Antibiotic-Resistant Bacteria Is on the Rise

June 10, 2013

Increasing antibiotic resistance is of great concern. The World Health Organization estimates that multi-drug resistance accounts for more than 150,000 deaths each year from tuberculosis alone. Without effective antibiotics in health care, humanity would be thrown back to the time when urinary tract infections and pneumonia were lethal, and infant and maternal mortality would rise, says Waldemar Ingdahl, the author of a report on antibiotic resistance policy published by the Swedish think tank Timbro.

Both the U.S. Food and Drug Administration (FDA) and the Centers for Disease Control and Prevention advocate reducing the use of antibiotics in order to prevent resistant bacteria.

  • The relationship between prescribed antibiotics and the spread of resistance is not clear. The connection between antibiotic intake and the development of resistance is more complex than a mere link between consumption and resistance.
  • In Sweden, which has one of the lowest intakes of antibiotics in the world, prescriptions declined by about 30 percent between 1992 and 2011, yet the number of outbreaks of antibiotic-resistant bacteria has increased.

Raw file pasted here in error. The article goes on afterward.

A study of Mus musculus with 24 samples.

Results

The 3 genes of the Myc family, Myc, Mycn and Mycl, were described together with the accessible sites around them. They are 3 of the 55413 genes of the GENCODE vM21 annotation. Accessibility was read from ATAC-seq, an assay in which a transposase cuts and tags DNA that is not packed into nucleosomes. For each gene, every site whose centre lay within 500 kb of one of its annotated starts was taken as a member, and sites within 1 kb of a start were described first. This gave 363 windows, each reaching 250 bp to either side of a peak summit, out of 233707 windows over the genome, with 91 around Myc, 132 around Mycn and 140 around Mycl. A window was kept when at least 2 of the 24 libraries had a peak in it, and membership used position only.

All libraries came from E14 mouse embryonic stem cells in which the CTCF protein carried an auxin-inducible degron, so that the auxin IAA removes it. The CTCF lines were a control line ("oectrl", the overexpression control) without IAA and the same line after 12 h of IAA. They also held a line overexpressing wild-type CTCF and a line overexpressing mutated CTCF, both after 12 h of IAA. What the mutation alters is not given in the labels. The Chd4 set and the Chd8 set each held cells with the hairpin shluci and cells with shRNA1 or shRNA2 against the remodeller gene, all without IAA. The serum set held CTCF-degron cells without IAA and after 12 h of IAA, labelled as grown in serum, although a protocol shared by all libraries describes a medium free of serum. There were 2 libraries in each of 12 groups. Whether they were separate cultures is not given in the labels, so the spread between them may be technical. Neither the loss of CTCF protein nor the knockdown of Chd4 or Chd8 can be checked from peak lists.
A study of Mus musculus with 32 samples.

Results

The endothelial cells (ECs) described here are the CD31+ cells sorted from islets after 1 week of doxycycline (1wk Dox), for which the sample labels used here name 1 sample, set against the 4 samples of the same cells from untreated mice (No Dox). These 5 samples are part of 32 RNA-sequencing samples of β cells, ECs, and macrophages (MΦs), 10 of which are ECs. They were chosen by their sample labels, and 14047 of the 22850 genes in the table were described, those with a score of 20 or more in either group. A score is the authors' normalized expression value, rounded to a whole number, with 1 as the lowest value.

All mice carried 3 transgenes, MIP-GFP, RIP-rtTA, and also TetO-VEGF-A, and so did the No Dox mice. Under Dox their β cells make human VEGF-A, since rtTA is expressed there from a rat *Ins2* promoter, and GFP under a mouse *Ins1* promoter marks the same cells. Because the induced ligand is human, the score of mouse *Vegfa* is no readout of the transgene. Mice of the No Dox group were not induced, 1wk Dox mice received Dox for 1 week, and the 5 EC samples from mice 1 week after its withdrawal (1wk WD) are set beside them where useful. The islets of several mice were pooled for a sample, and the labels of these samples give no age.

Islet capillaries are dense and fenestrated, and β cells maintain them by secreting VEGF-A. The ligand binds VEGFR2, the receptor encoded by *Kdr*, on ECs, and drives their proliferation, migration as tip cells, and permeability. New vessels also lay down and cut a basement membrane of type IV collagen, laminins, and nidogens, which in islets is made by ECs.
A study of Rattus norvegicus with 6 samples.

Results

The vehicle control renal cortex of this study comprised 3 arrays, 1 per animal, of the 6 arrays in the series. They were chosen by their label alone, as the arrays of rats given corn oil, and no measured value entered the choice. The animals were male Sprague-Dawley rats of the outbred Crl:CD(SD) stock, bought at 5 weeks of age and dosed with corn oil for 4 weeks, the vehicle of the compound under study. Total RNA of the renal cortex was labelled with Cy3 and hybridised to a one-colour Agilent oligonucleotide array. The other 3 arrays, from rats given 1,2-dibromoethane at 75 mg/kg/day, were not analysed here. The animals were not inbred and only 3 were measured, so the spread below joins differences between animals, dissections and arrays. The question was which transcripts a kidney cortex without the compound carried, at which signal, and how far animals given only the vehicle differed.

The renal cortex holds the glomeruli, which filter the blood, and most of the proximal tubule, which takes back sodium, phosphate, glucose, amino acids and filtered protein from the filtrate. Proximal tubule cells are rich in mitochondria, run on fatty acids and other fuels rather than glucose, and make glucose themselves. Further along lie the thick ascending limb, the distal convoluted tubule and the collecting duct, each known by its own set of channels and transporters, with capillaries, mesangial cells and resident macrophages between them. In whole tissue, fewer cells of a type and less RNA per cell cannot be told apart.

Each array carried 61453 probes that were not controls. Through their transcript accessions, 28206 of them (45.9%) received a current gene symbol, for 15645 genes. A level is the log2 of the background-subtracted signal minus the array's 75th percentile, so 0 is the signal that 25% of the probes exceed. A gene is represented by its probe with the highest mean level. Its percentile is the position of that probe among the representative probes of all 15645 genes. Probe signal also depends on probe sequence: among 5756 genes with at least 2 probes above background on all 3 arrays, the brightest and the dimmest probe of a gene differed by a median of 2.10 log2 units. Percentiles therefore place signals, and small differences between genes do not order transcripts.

If the increase in drug-resistant bacteria is not caused by increased usage of antibiotics, what could be causing the increase in antibiotic-resistant bacteria?

  • A possible factor contributing to antibiotic resistance is doctors' difficulty in properly distinguishing between a virus and bacteria when diagnosing a patient.
  • Unsanitary hospital environments and the negligence of cleaning staffs have also been identified as contributors to antibiotic resistance.

Few pharmaceutical companies still actively pursue the research for new antibiotics since the drugs are expensive to develop but are used only briefly by most patients.

  • If new antibiotics are developed, they are supposed to be used only in extreme cases, so as to prevent bacteria developing resistance to them. Thus, companies do not have much incentive to develop new antibiotics.
  • The extensive testing of new antibiotics by the FDA inhibits innovation. Today, it takes eight years before a drug is approved. Of the antibiotics available in the market today, 75 percent were developed before 1970.

Antibiotic resistance is a race between humanity and bacteria. The bacteria's advantage is rapid adaptation to their environment; ours is ingenuity. There is no single solution to such a complex problem as antibiotic resistance. That is why we need to leave the field open for several solutions.

Source: Waldemar Ingdahl, "How to Stop the Rise of Superbugs," The American, June 3, 2013.